Will Leeds United & West Brom be promoted from Championship if Premier League was cancelled?

What’s going to happen to the top two clubs in England’s second tier? Will their work this season have been in vain?

What does the coronavirus Covid-19 pandemic mean for Leeds United and West Brom, clubs competing for promotion to the Premier League?

The enforced postponement of football across England has raised a number of difficult questions regarding the future of this season’s competitions and the accompanying financial considerations.

Below the Premier League, the English Football League (EFL) has moved to reassure its clubs at all levels and a short-term £50 million relief fund has been approved by the organisers to help ease burdens.

However, one area that remains shrouded in doubt is the question of promotion from the Championship – a mind-bogglingly lucrative consideration.

Will Championship clubs be promoted if the Premier League is cancelled?

While there has been no official indication as to what exactly will happen with promotion to the Premier League, it has been suggested that the Championship’s top teams will be promoted regardless.

According to a report in the Telegraph, in the event that England’s top division cancels the remainder of the season, Leeds United and West Brom – who are the top two in the Championship – will be promoted.

If there is a hold on relegation for the bottom three Premier League clubs, that would mean a 22-team Premier League for 2020-21, which would subsequently impact the make-up of the EFL leagues.

After 37 games, the two teams poised for automatic promotion to the top flight are Leeds United and West Brom, who are on 71 and 70 points respectively – a healthy lead over third-place Fulham on 64 points. 

In response to the worsening coronavirus pandemic, the FA postponed games until April 3 at the earliest and the EFL has expressed its desire to complete the season.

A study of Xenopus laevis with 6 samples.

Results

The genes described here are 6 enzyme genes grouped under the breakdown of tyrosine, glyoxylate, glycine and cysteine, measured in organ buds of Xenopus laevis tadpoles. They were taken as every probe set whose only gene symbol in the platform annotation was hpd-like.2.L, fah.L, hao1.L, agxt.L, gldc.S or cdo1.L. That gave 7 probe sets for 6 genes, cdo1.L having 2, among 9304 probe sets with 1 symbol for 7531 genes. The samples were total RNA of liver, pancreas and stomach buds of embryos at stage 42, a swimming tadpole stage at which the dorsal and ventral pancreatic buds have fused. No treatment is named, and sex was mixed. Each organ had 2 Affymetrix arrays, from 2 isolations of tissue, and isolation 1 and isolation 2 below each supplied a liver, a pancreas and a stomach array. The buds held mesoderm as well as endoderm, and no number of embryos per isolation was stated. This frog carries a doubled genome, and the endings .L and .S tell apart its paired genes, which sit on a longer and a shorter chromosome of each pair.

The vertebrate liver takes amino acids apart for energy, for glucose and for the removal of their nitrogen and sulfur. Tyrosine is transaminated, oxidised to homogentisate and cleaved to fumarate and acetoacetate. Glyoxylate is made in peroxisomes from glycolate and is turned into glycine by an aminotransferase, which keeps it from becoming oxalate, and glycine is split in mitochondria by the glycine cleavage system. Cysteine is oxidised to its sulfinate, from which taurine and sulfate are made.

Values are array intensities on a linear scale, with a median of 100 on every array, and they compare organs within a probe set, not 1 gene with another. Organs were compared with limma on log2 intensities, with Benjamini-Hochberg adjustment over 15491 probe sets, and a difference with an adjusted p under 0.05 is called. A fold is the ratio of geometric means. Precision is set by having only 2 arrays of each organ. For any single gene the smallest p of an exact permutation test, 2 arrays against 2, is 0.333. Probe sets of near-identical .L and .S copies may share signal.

“The primary objective, in order to protect competition integrity, is to deliver a successful conclusion to the 2019/20 season, subject to the over-riding priority around health and well-being,” an EFL statement said.

“The EFL is continuing regular dialogue with the government and relevant health authorities and, as and when more information is known regarding the scale and extent of the coronavirus outbreak in this country, a decision will be taken on the resumption of the League’s fixtures.”

There are, theoretically, nine gameweeks left to fulfil in order to complete the season, which means that those clubs are tantalisingly close to securing their place at the top table.

Leeds United chief executive Angus Kinnear has dismissed the idea that the Premier League can ‘pull up the ladder’ on the English football pyramid by cancelling their season.

“We think the position of the English Football League clubs is that promotion and relegation between the leagues is sacrosanct and that will be a difficult thing to move away from,” Kinnear told the Financial Times

Will the Premier League be cancelled?

The Telegraph reports that discussions are ongoing regarding the idea of cancelling the Premier League, but an official announcement has not been made to that effect.

Premier League bosses, clubs and the FA will no doubt revisit the issue when the period of postponement approaches a conclusion at the start of April and assess the severity of the coronavirus threat.

Part of the reported cancellation plans include crowning Liverpool as champions and cancelling relegation for the bottom three clubs – at the time of writing: Bournemouth, Aston Villa and Norwich City.

West Ham chief Karren Brady notably caused a stir following the postponement of Premier League fixtures when she insisted that “the only fair and reasonable thing to do is declare the whole season null and void.”

Of course, Brady’s pronouncement on the matter must be tempered by the fact that her club – precariously placed 16th with the same points as Bournemouth – would potentially benefit from such a course of action.

It is not clear if her opinion is one that is widely held among other clubs, who naturally have competing interests.

Some, for example, may want to see the season continue if they are on the cusp of qualifying for the Europa League or the Champions League.